Danielle Kurtzleben is a political reporter assigned to NPR's Washington Desk. She appears on NPR shows, writes for the web, and is a regular on the NPR Politics Podcast. She is covering the 2020 presidential election, with particular focuses on on economic policy and gender politics.

Before joining NPR in 2015, Kurtzleben spent a year as a correspondent for Vox.com. As part of the site's original reporting team, she covered economics and business news.

Prior to Vox.com, Kurtzleben was with U.S. News & World Report for nearly four years, where she covered the economy, campaign finance and demographic issues. As associate editor, she launched Data Mine, a data visualization blog on usnews.com.

A native of Titonka, Iowa, Kurtzleben has a bachelor's degree in English from Carleton College. She also holds a master's degree in global communication from George Washington University's Elliott School of International Affairs.

The most immediately useful question I think I can answer about What My Mother and I Don't Talk About is whether you should buy it for your mother for Mother's Day.

After all, it will hit your local bookstore's display at the start of May, just the time of year when you smack your forehead and go, "Ah, shoot, right, Mother's Day." And it seems designed to be eminently giftable — attractively neon colored, not intimidatingly thick, broken into 15 read-in-a-sitting essays.


Updated at 3:41 p.m. ET

Talk to enough Democratic voters this campaign season, and you hear a certain idea over and over.

"I'd love to vote for a woman. I'm not sure that any of the women candidates will make it to the top in the way that I think Biden and Beto will," said Patti Rutka, who turned out to a March event in New Hampshire for former Texas Rep. Beto O'Rourke.


"I believe an agenda for black Americans needs to include five things that all of us care about: homeownership, entrepreneurship, education, health and justice," the mayor of South Bend, Ind., told the audience at the National Action Network's conference.


Editor's note: NPR has decided in this case to spell out a vulgar word that the president used because it meets our standard for use of offensive language: It is "absolutely integral to the meaning and spirit of the story being told."

At his Thursday night rally in Grand Rapids, Mich., President Trump and his supporters were in a celebratory mood.

Beto O'Rourke got lots of attention from his campaign kickoff in Keokuk, Iowa. And thanks to some of his comments, not all of that attention was good.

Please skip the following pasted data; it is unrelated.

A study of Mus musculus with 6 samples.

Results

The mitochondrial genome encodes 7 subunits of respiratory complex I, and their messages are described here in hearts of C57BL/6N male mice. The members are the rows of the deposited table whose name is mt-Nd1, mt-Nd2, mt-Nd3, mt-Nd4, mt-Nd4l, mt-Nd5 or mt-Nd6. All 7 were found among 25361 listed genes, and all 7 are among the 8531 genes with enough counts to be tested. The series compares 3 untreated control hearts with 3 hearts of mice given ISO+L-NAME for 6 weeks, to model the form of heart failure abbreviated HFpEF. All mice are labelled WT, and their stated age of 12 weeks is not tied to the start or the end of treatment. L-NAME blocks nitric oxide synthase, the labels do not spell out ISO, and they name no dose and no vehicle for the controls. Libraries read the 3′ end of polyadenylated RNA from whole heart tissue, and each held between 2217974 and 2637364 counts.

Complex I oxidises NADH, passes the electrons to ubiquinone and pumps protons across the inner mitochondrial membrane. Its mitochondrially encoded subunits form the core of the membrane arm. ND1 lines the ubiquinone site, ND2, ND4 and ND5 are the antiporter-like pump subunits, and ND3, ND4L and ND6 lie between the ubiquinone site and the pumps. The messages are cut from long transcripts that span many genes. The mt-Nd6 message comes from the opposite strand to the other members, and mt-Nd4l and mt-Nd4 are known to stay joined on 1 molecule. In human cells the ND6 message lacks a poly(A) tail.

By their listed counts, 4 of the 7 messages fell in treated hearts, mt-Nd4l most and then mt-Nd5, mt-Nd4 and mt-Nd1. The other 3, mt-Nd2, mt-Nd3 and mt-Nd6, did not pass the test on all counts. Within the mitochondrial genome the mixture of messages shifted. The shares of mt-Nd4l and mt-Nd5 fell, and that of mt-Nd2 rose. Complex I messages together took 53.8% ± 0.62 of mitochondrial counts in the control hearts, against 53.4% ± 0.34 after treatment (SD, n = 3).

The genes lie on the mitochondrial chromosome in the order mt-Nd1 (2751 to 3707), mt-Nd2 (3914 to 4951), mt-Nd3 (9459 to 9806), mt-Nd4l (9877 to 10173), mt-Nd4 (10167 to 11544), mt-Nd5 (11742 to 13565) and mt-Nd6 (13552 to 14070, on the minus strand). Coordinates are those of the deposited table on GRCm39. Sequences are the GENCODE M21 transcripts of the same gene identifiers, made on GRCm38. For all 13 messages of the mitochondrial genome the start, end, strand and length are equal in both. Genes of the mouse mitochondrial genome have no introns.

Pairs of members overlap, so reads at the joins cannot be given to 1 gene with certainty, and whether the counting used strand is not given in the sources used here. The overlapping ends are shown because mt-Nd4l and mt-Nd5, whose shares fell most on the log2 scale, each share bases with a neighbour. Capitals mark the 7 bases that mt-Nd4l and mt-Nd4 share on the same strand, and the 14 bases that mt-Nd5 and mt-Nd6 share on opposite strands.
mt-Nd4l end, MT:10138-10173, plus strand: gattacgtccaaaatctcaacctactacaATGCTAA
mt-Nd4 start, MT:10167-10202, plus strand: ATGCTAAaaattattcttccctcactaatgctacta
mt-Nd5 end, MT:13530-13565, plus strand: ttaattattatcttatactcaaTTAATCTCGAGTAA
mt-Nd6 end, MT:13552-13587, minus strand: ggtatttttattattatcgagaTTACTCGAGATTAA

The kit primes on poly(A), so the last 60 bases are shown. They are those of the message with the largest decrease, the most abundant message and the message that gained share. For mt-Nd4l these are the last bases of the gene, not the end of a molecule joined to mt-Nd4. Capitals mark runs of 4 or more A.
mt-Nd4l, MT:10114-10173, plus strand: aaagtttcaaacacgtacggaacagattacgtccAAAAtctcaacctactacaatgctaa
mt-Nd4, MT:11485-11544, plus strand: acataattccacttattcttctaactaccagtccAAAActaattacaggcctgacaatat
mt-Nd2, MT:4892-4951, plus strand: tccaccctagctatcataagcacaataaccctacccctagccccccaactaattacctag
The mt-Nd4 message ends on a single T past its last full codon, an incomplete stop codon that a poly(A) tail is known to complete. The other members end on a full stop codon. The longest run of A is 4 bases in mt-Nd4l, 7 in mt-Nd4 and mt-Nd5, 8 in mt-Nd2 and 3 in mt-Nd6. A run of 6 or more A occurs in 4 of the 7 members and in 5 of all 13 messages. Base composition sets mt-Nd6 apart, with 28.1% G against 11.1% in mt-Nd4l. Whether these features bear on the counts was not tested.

At the start of his speech, O'Rourke referenced a call from his wife, Amy, "who's back in El Paso, Texas, where she is raising, sometimes with my help, Ulysses, who's 12 years old, Molly, who's 10, and their little brother, Henry, who is 8 years old."

To some Democratic voters, that seemed like a flip acknowledgment that he was handing off parenting duties to his wife while he pursued his political dreams.


Minnesotans like Democratic Sen. Amy Klobuchar. She was re-elected in the purple state in 2018 by 24 points, and in January Morning Consult polling found her to be one of the most popular senators in the country.

The Bernie Sanders who's running for president in 2020 is not the same Bernie Sanders who ran in 2016.

Yes, he has many of the same policy positions, and many of his 2016 supporters are enthusiastically backing him again. But the Vermont independent senator is no longer the insurgent taking on a political Goliath with huge name recognition. Now, he is the candidate with high name recognition, taking on candidates who are introducing themselves to the American people again.



Speaking to NPR about his run for the presidency, the New Jersey Democrat used phrases like "coalitions of conscience," "sacred honor" and "courageous empathy."

But those hopeful ideas pose a major challenge for Booker: how to translate his aggressively optimistic view of American democracy into any sort of policy action, especially with such gaping differences between the two parties on a wide range of policy areas.



(CHEERING)


Several Democratic candidates have been quick to embrace reparations recently. Bernie Sanders is more cautious.

At a CNN town hall on Monday, a woman asked Sanders about his view on reparations, and at first he talked about trying to "put resources into distressed communities and improve lives for those people who have been hurt from the legacy of slavery."


In 2015, he introduced Medicare-for-all to many Democrats for the first time. Since Sanders' first run for president, that type of single-payer health care system has become a mainstream Democratic proposal.